Blue Sky plans for the Cottage

Now that I have the cottage on Kimball Lake, I want to add some of the "comforts of home". I don't want high-tech, power-hungry, electro-gadgets; I simply want some conveniences that can be accomplished in a low-tech, low impact, almost "back woods" manner.

Long term, I'm looking at improving the heating in the cottage, and adding filtered running water. And, here's how I hope to do it.


The wood stove gives off a lot of heat, but most of it just rises into the rafters and makes the loft uncomfortably warm. I'd like a simple fan, that blows warm air off of the stove, and into the main floor.

There are fans that need no electrical power, as they run off of "waste" heat, such as the heat coming off of the stove. These fans use a "Stirling Engine" design motor to convert a small amount of the heat into mechanical work. Stirling engines are easy to build; the simplest can be constructed from a couple of pop cans, a balloon, and a couple of paperclips. Commercial versions range from a few hundred dollars to a few thousand dollars, depending on the required power. But, I can probably build a hot-air blowing Stirling Engine fan for about $50. And that should help distribute the heat a little more evenly.


There is a creek running somewhere in the back of the property. It meanders around and finally runs out into the lake, between my cottage and the Russel place. If I could get a consistent supply of water from this creek, I wouldn't have to "dip" water from the lake. But, to do so, I have to solve two problems: how to pump the water to the cottage, and how to filter the water.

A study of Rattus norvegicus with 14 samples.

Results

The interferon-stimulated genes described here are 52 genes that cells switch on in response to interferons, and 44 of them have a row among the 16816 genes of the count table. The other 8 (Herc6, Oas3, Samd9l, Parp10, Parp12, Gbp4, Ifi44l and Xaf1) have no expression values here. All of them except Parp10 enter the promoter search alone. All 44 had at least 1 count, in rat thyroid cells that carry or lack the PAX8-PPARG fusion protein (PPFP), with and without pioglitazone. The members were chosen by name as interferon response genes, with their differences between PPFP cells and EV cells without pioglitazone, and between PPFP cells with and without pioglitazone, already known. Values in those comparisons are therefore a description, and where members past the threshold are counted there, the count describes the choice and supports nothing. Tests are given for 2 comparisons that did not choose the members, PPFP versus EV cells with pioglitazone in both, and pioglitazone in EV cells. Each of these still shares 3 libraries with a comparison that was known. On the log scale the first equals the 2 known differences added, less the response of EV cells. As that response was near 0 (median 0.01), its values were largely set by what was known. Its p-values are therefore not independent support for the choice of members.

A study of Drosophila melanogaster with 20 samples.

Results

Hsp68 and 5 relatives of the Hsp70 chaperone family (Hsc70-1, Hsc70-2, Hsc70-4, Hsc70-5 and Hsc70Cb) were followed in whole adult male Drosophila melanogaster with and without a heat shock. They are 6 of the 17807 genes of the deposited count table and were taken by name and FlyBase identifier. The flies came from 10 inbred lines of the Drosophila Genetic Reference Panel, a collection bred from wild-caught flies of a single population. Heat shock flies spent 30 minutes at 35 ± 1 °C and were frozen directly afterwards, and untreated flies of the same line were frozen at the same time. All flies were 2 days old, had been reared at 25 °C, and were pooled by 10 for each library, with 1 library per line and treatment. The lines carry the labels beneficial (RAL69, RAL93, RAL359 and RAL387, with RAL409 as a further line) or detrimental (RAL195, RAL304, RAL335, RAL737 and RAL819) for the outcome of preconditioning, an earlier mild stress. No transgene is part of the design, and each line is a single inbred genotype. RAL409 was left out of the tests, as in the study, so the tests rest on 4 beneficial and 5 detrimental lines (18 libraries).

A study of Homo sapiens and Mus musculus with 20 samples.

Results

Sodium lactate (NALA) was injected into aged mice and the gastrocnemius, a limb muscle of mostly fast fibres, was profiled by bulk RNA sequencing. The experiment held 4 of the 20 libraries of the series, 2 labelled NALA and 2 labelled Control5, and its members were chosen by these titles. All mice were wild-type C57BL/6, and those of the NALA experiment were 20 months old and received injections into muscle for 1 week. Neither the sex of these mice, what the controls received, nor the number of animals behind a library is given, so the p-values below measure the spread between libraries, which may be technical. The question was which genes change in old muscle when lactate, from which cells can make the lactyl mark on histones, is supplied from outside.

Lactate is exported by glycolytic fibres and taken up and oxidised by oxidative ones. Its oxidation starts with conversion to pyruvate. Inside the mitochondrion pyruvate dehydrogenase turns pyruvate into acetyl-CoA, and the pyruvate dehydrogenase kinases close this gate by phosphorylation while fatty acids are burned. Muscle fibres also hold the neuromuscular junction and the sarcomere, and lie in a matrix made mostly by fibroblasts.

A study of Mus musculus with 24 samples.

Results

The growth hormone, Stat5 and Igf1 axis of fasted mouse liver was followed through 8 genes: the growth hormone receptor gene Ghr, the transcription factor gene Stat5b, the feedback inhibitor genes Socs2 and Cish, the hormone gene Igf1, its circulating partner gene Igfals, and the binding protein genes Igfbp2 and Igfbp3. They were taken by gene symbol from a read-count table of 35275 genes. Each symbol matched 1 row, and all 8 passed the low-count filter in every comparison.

There's another old technology called a "Hydraulic Ram Pump" that uses some of the energy in running water (such as the water in a creek) to pump a (significant) fraction of that water great distances and heights. Again, with about $50 in general plumbing parts, I can construct a self-running pump that I can place in the creek. With as much hose as necessary, I can run a continuous stream of water from the creek to the cabin.

Once I get the water to the cabin, I can pass it through a passive "Slow Sand Filtration" system to get clean water for drinking or cooking. If I elevate this filter, I can even have enough water pressure to warrant connecting to a faucet in the kitchen. Again, the device can be home-built for about $50, and should last a fair length of time.